Crescent and Star Analysis

Crescent and Star (Critical Survey of Contemporary Fiction)

Stephen Kinzer’s book rises out of his affection for Turkey, and his desire to see the people of Turkey given the freedoms that many in the West take for granted. Kinzer, the New York Times bureau chief in Istanbul for five years, clearly shows his intimate knowledge of the country’s past and conflicted present in Crescent and Star: Turkey Between Two Worlds.

Particularly important, this work chronicles Turkey’s move away from the Muslim world of the Middle East and Central Asia, and toward the European conception of a secular nation state. Kinzer explains the origins of this transformation by examining the life of Mustafa Kemal Ataturk, the founder of the Turkish Republic and still, despite his death in 1938, the most influential figure in Turkey’s history. Ataturk almost single-handedly established a separation of church and state, tearing down one of the central pillars of Ottoman political tradition. In order to effect these changes, however, Ataturk needed to crush any opposition, setting an unfortunate precedent that Turkey’s leaders follow to this day.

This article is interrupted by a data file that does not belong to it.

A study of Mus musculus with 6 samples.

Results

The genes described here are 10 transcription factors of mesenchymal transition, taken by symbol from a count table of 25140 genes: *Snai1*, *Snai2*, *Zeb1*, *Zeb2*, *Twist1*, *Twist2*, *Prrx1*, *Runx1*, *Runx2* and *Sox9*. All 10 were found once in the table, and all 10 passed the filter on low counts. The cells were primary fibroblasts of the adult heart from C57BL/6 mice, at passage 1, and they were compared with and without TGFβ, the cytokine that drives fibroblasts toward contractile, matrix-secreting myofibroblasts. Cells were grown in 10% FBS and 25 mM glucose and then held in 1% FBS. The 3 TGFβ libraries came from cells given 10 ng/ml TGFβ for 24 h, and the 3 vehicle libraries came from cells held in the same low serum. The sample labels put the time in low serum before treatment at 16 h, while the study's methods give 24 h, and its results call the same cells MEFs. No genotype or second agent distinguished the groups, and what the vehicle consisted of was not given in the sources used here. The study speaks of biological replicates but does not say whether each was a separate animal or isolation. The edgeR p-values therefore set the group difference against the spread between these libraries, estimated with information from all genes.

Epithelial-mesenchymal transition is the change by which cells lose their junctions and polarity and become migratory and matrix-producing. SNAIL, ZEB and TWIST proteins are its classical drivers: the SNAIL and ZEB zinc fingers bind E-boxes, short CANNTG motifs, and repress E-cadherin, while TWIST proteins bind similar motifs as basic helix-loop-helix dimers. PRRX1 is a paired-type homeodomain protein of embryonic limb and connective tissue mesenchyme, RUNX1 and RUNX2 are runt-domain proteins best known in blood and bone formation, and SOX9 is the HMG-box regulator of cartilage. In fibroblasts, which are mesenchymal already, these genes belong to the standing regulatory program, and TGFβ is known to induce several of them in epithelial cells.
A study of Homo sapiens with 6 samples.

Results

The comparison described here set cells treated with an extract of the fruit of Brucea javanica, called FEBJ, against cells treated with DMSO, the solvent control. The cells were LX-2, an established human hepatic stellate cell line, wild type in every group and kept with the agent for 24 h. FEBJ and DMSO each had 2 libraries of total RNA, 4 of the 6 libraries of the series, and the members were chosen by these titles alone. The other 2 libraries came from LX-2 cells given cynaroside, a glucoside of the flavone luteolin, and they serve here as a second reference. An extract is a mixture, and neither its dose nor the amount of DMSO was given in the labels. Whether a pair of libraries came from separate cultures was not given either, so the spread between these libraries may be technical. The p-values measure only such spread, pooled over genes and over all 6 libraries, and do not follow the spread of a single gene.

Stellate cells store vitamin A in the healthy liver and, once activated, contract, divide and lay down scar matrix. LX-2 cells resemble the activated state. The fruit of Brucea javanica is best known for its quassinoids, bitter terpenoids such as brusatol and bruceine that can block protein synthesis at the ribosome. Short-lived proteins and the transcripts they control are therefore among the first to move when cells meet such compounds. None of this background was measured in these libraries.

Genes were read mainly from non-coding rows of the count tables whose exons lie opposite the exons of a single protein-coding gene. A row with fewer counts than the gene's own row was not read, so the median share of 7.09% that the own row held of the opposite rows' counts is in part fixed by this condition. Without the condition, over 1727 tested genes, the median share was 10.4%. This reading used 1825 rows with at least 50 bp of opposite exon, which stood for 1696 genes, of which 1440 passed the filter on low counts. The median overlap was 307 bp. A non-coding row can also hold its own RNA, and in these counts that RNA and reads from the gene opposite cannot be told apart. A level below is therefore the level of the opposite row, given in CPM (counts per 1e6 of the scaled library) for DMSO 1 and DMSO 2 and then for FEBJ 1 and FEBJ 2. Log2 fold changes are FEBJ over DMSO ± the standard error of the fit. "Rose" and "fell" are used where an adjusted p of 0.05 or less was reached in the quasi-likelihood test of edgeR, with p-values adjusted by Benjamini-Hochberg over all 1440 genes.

Kinzer demonstrates how the dictatorial policies of Ataturk led, in part, to the Turkish government’s brutal suppression of the Kurdish rebellion in the 1990’s, its hostile relations with Greece, and its fear of true democracy and civil rights for its citizens. Kinzer argues, however, that if the spirit of Ataturk were respected, and his desire to emulate the West were enacted completely, Turkey could become a model for the developing world.

This intimate portrait of Turkey should be required reading for anyone interested in the divide between the West and the world of Islam.